Teens are relying more on scholarships, grants and their own savings with rising college tuition costs.
With two-thirds of teens expecting to go to college at some point, many parents better get saving — or maybe not?
Most teens aren’t banking on their parents making their education possible, according to a national survey by TD Ameritrade. Due to a fear of failing to pay for tuition, 63 percent of high school students are starting to save for their own education.
At the same time, 35 percent are looking at a gap year — a year off before college that can be devoted to traveling, saving for school, and considering their options.
“It’s fantastic to see a majority of college-bound teens saving for the related expenses,” says Carrie Braxdale, head of investor services at TD Ameritrade. “Clearly, teens understand the escalating costs of college and aren’t expecting their parents to foot the entire bill.”
Money in the bank
Of those teens building up their bank accounts, one third (32 percent) have over $1,000 in their account while 10 percent have over $5,000 saved. But student savings are just the start…
- 49 percent say that they will pay their tuition with scholarships or other grants
- 42 percent say they will work part time in college
- 33 percent say they will receive government aid, while 32 percent will take out loans
Of the above methods, public loans may see a drop in usage due to an upcoming interest rate increase. According to the Education Department, the rates for Direct Subsidized loans will go up from 3.76 percent to 4.45 percent (an 18.4 percent increase) on July 1, 2017.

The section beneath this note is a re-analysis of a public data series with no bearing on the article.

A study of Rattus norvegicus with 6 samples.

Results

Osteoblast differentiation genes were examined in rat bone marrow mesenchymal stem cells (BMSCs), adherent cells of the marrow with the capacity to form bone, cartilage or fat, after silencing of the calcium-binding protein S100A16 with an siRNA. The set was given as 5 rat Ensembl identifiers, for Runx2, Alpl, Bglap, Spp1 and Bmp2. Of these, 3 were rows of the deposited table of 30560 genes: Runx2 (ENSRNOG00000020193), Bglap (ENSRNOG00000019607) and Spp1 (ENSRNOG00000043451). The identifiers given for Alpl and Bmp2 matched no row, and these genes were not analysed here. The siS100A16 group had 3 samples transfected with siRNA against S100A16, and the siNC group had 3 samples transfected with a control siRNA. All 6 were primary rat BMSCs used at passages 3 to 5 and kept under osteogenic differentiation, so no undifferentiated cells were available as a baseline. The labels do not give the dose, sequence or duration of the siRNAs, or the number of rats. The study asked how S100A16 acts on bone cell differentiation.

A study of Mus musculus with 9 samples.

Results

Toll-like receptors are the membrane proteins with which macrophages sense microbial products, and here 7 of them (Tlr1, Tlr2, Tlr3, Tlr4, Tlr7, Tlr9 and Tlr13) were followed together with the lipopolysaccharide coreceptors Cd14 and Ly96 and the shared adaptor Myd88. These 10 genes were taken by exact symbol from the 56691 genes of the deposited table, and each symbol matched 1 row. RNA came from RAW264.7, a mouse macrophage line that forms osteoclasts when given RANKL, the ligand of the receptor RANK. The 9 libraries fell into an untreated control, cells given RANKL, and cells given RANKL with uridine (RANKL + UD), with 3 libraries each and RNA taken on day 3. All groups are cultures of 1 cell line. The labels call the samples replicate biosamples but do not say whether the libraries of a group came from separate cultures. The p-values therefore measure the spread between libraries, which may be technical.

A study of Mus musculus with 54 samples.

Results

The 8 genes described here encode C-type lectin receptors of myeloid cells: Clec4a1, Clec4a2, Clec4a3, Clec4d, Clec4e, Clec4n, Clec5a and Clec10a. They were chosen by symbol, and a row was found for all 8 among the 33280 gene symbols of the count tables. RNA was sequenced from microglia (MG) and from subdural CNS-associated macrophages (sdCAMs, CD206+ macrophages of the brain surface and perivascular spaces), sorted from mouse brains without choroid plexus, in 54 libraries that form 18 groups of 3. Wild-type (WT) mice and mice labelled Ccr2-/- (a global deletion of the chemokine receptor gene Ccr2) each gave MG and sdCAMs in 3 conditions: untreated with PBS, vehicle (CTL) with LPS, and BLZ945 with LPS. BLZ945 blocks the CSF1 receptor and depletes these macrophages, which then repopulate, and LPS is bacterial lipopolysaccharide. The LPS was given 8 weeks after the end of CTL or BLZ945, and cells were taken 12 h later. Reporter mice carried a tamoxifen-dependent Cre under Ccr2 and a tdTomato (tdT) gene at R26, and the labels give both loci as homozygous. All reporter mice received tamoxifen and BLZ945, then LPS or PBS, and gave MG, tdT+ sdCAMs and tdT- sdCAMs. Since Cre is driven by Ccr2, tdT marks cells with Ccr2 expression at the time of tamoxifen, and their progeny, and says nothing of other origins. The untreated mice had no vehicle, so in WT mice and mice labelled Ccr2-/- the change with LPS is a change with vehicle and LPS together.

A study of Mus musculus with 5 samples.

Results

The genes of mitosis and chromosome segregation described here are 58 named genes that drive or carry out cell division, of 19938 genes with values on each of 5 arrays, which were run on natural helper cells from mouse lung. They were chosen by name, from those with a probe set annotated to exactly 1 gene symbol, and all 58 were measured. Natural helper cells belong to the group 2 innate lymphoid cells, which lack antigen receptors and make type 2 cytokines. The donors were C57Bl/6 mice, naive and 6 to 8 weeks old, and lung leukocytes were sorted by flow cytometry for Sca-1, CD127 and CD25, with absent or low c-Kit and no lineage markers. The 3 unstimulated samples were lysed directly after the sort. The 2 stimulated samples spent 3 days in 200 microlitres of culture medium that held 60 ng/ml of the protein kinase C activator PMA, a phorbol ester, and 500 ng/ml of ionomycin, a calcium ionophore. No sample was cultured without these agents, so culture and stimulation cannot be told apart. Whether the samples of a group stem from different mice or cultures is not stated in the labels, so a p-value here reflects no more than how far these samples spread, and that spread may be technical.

Besides the previously mentioned gap year, students are also looking at other educational options. The survey shows 30 percent are looking at going to community college, despite the fact enrollment is down to 5.7 million people last year from 6.3 million in 2013, according to the American Association of Community Colleges.
Whose bill is it?
Despite their efforts, all of the pay won’t come from their savings. According to the study, 56 percent of teens expect their parents to pay for some or all of their tuition, compared to 51 percent from their own savings.
On the flipside, teens expect their parents to carry the weight when it comes to paying for their textbooks (65 percent), other living expenses (65 percent) and room and board (48 percent). When it comes to location, suburban-raised kids are 6-10 percent more likely to rely on their parents than city-raised kids.
Of course, before parents have their hard-earned cash spent, they need to have a talk with their soon-to-be college student. Only 33 percent have talked about who will pay the costs, while 44 have discussed some details but not all the costs, and 19 percent have not talked at all.
“With so many teens expecting to attend college, it’s more important than ever for families to have open conversations about what those plans will cost,” Braxdale says. “It’s an opportunity to put all the cards on the table to set expectations on who’s paying for what.”
And the sooner you start, the more successful a plan you can make. That’s the key to avoiding student loan debt you won’t be able to pay off for 10 years.
Article last modified on June 27, 2017. Published by Debt.com, LLC . Mobile users may also access the AMP Version: Students Relying Less on Parents to Pay for College - AMP.